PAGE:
Texas power prices soar 1,600% as heat wave to drive record demand for energy


The state’s grid operator, the Electric Reliability Council of Texas (ERCOT), predicted demand would jump from 57,486 megawatts on Friday to 71,893 MW on Monday, 72,725 MW on Tuesday, and 74,346 MW on May 24, according to Reuters.

The coming week could see demand topple the current record for May of 71,645 MW set in 2022, while still trailing the all-time high of 85,508 MW set on Aug. 10, 2023.

That’s as weather forecasts for top cities like Houston and Dallas have put high temperatures in the 90s, above seasonal norms, meaning more Texans will crank up their air conditioning.

Expectations for the latest demand surge boosted electricity prices in the spot market, with next-day prices in ERCOT’s north hub soaring to $120 per megawatt hour MWh for Friday from $40 for Thursday, according to LSEG pricing data cited by Reuters.

And for about one hour late Friday, day-ahead prices on ERCOT’s website jumped as high as $688 per MWh, representing an increase of more than 1,600% compared to the prior day.

The Texas power market is deregulated and on its own electricity grid. But the actual price that consumers pay depends on the type of contract they have with their provider. And since February 2021, energy providers have been barred from fully passing along wholesale electricity prices to their residential customers.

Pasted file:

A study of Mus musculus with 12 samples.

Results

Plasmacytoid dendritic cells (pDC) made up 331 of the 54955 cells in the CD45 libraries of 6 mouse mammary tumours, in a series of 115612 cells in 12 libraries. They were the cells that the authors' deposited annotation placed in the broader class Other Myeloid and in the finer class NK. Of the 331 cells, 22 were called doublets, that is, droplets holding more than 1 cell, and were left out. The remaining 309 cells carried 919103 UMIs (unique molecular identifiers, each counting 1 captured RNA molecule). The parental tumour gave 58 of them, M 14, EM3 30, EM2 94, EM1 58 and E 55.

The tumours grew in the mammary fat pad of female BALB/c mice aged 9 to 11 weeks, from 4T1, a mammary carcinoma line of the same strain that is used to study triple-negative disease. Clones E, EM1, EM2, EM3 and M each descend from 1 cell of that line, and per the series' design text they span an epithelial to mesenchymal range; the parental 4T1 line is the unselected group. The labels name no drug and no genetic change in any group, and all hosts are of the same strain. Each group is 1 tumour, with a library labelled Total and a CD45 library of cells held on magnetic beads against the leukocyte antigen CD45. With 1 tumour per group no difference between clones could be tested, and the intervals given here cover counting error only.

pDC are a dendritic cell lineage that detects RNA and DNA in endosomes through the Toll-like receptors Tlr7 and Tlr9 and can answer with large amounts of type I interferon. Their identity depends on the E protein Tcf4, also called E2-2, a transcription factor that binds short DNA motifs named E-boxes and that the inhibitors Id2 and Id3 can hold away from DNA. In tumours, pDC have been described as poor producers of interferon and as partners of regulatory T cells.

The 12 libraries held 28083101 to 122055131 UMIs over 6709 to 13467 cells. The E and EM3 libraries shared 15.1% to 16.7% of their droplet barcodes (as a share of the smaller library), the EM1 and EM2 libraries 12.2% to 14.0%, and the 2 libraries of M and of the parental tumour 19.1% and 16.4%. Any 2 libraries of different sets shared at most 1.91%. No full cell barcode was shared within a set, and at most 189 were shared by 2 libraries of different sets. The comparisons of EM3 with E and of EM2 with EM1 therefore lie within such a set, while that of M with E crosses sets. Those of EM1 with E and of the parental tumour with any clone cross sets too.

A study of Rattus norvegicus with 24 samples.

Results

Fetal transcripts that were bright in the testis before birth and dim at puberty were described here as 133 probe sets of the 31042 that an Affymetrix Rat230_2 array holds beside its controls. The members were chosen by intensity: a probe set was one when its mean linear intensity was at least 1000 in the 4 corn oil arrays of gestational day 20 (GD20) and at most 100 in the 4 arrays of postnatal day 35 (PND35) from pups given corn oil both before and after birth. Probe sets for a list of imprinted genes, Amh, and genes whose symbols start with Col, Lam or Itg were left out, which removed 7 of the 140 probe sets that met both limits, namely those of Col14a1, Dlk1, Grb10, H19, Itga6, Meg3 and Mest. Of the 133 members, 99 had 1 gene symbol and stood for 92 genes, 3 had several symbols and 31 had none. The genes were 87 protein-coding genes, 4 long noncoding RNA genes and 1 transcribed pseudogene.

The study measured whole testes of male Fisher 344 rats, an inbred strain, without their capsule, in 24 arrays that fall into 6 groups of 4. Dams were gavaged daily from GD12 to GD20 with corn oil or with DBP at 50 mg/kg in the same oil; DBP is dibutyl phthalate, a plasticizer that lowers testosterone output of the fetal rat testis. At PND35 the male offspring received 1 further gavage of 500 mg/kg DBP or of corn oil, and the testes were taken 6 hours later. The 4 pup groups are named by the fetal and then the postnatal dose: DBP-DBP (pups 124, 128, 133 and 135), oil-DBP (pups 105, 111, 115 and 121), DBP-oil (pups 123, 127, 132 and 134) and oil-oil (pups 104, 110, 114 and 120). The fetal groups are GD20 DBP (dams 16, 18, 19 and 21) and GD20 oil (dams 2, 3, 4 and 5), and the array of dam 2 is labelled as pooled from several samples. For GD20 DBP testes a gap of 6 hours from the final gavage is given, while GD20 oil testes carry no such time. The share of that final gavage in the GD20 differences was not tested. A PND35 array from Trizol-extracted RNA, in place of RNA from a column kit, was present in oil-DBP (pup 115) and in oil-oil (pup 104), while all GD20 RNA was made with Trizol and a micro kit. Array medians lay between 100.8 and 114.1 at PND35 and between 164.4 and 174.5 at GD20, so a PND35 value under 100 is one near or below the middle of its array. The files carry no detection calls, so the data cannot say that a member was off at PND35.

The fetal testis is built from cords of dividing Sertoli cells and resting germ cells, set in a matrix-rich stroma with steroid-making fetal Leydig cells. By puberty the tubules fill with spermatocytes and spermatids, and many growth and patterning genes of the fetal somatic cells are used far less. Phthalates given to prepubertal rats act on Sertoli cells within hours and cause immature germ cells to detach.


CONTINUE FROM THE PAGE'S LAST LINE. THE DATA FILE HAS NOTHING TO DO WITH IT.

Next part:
Brutal heat waves over recent summers have shattered records for power demand, sending spot prices on wild, sudden swings. In September, Texas power prices surged as much as 20,000%.

Meanwhile, Texas has seen an influx of residents since the pandemic as people fled states like California and New York, where the cost of living is higher, meaning more customers are plugged into the grid.

Texas has also become a hotbed for bitcoin mining, adding to electricity demand, as the state’s deregulated power market and abundance of cheap natural gas became attractive to the energy-intensive sector. The proliferation of data centers and the rise of artificial intelligence technology has also boosted demand.